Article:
Ocean Energy: From Here to 100 GW by 2050


Last week, Ted Johnson, Senior Vice President and Head of OTEC Programs at Ocean Thermal Energy Corporation joined a panel of experts at the European Ocean Energy annual conference to discuss the measures required to achieve clean energy from our oceans at the utility scale as part of a low-carbon future.
614243550Beatrice Coda, senior policy officer at the European Commission, opened the discussion entitled, ‘From here to 100 GW by 2050′. Her passion for tackling climate change was evident in her presentation. Coda began by reminding the audience that climate change poses a threat to future economic growth -one of the drivers behind the European Commission’s climate policy framework that set three 2020 targets. Among them is Europe’s goal of reducing greenhouse gas (GHG) emissions and energy consumption by 2020. To make the economy more energy efficient, Coda remarked, there needs to be “a massive shift of investment expenditure into low-carbon technologies” of at least 30 billion euros a year.

Rob Stevenson, vice-president of Alstom Ocean, next introduced the role of his company as “delivering ocean power safely to people and organizations”, and announced that Alstom Ocean’s first 100-megawatt (MW) turbine has been successfully installed. Stating that the EU market will dominate the ocean energy sector for the next ten years, Stevenson then urged the industry to take advantage of this opportunity to understand and learn from technological pilot phases before rushing to create commercial arrays. He cautioned that companies need to spend money “understanding their resources better” so that plants won’t be “built riddled with problems”. Unless the industry works out problems in the pilot phase, “utilities won’t take the risk to the buy the energy”, he warns.

After this cautionary message, Trevor Raggatt, head of Small-Scale and Emerging Renewables at the Department of Energy and Climate Change (DECC), again built optimism for ocean energy commercialization. Presenting an image of former president John F. Kennedy, Raggatt read Kennedy’s famous words from 1961: “We choose to go to the moon in this decade and do the other things, not because they are easy, but because they are hard”. Raggatt encouraged developers, saying that with the correct innovation and funding, challenges facing commercialization of ocean energy can be overcome. He pushed his message further, pointing out that “a number of promising devices have emerged”, including demonstration and infrastructure testing on ocean technologies alongside public sector funding.

Raggatt referenced the Technology Innovation Needs Assessment (TINA), compiled in August 2012 by the Low Carbon Innovation Co-ordination Group (LCICG) –an assessment of the key innovation needs for prioritizing public sector investment into low-carbon innovation. He reminded us of these three key findings:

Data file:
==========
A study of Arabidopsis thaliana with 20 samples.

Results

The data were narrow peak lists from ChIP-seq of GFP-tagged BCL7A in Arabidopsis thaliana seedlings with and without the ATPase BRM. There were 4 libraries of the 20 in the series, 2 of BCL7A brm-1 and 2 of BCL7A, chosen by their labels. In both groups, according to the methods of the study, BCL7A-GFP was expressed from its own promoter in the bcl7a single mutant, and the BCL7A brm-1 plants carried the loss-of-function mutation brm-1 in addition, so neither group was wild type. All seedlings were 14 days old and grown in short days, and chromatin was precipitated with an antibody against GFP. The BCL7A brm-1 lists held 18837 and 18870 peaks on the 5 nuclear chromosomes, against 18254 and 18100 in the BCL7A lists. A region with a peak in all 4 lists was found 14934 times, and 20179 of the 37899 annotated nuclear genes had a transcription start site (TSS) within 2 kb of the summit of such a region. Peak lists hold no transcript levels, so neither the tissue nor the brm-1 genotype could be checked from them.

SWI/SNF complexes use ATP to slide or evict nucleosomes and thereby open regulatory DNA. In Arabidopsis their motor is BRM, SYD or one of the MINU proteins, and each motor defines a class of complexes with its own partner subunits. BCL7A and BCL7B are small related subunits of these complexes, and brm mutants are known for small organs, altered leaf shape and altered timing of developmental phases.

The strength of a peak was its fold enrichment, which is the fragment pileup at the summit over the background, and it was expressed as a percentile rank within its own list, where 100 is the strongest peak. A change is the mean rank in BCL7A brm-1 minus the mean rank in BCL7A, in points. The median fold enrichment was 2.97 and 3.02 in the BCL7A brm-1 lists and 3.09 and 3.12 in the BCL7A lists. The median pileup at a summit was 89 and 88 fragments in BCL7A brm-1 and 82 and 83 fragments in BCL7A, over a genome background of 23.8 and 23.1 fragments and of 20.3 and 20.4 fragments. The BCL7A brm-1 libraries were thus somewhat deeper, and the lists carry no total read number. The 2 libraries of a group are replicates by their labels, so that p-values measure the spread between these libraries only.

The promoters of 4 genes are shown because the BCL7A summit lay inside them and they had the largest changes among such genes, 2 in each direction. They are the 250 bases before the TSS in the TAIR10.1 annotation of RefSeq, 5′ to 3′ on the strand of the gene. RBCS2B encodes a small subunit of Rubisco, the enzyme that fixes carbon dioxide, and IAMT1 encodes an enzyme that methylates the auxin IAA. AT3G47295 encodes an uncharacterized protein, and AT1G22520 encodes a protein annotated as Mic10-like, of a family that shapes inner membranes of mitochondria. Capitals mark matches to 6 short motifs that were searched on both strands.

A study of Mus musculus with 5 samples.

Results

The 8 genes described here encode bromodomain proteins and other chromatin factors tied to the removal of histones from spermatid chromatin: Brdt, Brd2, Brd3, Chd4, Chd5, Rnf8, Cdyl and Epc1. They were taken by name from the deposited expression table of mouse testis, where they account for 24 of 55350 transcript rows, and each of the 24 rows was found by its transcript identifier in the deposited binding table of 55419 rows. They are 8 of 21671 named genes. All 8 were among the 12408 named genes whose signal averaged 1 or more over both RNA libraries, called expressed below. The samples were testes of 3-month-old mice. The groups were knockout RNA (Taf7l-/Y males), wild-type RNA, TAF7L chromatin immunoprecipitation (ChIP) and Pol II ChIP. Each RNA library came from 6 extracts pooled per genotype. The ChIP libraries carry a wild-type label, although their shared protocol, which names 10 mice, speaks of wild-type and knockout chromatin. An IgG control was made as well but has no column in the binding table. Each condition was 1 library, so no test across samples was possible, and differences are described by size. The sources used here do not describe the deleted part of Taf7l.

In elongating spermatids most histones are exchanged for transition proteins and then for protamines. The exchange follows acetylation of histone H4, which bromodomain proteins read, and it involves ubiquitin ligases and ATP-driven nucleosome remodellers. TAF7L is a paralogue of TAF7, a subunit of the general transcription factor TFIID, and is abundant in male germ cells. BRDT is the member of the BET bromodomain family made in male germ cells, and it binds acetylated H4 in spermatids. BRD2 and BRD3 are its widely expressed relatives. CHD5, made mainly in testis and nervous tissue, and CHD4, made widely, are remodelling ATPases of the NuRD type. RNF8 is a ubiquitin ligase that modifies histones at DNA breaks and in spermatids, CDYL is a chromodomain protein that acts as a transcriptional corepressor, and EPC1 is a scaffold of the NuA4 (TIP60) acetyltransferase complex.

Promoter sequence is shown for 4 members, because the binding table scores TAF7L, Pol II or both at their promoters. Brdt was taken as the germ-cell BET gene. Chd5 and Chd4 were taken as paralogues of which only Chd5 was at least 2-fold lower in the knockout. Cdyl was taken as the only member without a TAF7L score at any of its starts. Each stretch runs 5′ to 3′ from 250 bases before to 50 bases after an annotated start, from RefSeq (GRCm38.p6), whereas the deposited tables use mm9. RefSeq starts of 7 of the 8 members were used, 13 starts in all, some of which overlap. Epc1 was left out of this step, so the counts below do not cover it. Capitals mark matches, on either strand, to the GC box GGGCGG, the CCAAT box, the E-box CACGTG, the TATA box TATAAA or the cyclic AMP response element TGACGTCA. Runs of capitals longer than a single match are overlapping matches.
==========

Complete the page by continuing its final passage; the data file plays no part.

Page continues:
1) Ocean energy could make a meaningful contribution to the UK by 2025.

2) Ocean energy could contribute £1-4 billion (US$1.6 – 6.4 billion) to UK GDP and save the UK energy system £3-8 billion (US$4.6 – 12.7 billion) by 2050.

3) The cost of marine energy will need to be reduced by 50-75% by 2025 if it is to compete with offshore wind power and other technologies.

Raggatt’s take-home message from the report’s findings is this: In order to push the ocean energy sector forward, we must increase innovation to reduce the overall costs of ocean energy and ensure that ocean energy arrays are deployed within the next five years.

Next at the podium was Ted Johnson, Senior Vice President and Head of OTEC Programs at Ocean Thermal Energy Corporation, who supported Raggatt’s call completely. “We need something in the water as soon as possible”, Johnson said. “[Many people] don’t know what ocean energy is and so you’ve got to show them that it works.”

Johnson expressed the risks associated with unpreparedness in ocean energy commercialization, including long-term damage to the industry’s reputation. He highlighted this point by noting how one major accident in the nuclear industry resulted in substantial loss of investor confidence. “Public confidence is key”, said Johnson. Referring back to Kennedy’s quotation Johnson stated that “unfortunately, investors like the easy stuff, not the hard stuff”. He added that driving finance into securing renewable energy technologies is key to gaining confidence. “The bottom line is financing. Nothing happens in the world until someone finances these things”, he said.

Emphasizing the need for clean energy Johnson said, “Someday fossil fuels are going to run out or get too expensive to use, so we need a replacement for them.” He called for a stable framework for the ocean energy sector, summarizing that the industry needs to avoid disruptive events in order to secure both public and investor confidence. “Don’t give up”, he urged delegates.

Summarizing the panel’s contributions, Beatrice Coda said, “There is a lot of enthusiasm for the sector but also a sense of urgency. The next five years are critical in getting the cost [of ocean energy] down.” She added, “For long-term success, we need to have the right conditions available now and be ready to demonstrate them now. We have no time to lose. We need stability, and we need to focus on what we are doing.”